AuthorsPloeg, A. van der, Raven, H.C.
Conference/JournalInternational Conference on Computational Methods in Marine Engineering (MARINE 2007), Barcelona, Spain
DateJun 5, 2007
The European 6th-framework project VIRTUE aims at advancing the use of CFD in ship design. Workpackage 1 of this project considers the prediction of steady flow around the hull, resistance and propulsion; the field in which the use of CFD is most widespread. Several CFD codes are able to predict the viscous flow and wake field accurately today. However, the predicted resistance and its components are often not so accurate. As results of the CFD Workshop Tokyo 2005 and several other experiences show, in particular the viscous pressure resistance (Cvp) may vary a lot between different methods and often shows substantial grid dependence and large sensitivity to modelling and discretization details.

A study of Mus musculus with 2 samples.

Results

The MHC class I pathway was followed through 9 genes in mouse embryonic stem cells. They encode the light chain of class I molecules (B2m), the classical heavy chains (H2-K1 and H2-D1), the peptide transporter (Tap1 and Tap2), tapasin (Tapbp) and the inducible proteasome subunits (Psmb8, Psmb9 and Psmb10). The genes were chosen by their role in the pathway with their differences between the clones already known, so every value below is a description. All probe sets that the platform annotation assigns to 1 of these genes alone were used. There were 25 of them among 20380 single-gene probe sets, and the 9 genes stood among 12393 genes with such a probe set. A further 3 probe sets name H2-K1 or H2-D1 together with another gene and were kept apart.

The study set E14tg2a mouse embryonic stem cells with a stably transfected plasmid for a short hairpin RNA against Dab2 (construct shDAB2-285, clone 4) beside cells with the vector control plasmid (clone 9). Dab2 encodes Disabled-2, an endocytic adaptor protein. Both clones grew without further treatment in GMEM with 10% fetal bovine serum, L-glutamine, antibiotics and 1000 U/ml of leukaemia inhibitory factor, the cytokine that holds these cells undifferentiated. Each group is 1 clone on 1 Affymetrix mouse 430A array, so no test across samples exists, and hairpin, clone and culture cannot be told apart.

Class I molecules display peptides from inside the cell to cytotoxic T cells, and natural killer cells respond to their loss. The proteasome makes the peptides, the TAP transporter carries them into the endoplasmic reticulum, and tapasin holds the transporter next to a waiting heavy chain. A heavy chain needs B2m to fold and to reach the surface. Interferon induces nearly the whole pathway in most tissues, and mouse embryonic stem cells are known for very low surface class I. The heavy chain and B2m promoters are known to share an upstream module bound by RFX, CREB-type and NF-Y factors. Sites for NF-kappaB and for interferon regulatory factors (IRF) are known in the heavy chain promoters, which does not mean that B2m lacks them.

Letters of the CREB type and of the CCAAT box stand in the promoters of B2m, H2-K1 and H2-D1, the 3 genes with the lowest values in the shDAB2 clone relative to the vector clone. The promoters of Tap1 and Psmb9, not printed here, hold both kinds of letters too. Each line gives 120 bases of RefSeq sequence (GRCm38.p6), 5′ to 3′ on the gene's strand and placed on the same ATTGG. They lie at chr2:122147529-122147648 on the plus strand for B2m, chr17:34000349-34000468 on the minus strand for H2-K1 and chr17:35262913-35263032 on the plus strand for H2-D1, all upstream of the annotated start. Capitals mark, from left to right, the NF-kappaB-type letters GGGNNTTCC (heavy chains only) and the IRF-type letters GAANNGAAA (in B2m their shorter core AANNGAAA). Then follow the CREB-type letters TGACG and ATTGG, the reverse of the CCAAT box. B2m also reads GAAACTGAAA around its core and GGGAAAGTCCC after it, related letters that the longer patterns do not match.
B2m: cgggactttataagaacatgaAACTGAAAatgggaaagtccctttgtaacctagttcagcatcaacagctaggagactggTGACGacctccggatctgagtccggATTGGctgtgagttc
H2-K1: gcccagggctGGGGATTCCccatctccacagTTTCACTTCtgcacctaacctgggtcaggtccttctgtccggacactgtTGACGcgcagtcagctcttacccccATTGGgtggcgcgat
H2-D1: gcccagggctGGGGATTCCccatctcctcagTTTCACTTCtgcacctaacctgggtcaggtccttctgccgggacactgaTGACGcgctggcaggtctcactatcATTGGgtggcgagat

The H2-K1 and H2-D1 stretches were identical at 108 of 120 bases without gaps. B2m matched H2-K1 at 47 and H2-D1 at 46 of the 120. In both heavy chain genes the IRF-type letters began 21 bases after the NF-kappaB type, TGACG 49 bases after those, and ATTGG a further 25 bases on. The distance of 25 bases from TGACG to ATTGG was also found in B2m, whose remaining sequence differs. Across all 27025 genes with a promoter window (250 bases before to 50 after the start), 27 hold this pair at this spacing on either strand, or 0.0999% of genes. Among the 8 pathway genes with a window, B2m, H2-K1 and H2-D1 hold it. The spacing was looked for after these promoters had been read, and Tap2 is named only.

It is shown that for double-body flow computations the implementation of the symmetry conditions at the still water plane indeed has a large effect on that resistance component.
We used two types of implementations for the symmetry boundary conditions: a direct approach that discretizes directly the symmetry conditions themselves using 1st – 3st order discretization, indicated by O1 – O3; and an indirect one (IND) that sets the normal velocity component zero and that solves the continuity equation and the momentum equations tangential to the symmetry plane for points in this plane, taking the symmetry conditions into account in the coefficients of the discretised equations. As Fig.1 shows, for the O2 formulation Cvp increases by 50% from fine to coarse grid, and its scale effect decreases by 50%. A drastic improvement of the numerical accuracy of Cvp is obtained in our RANS code by adopting the IND formulation, in which the resistance and scale effect estimate is much less sensitive to grid density. The present paper reports ongoing work in which similar studies are done for viscous flow computations including free-surface effects. The next section describes the method used.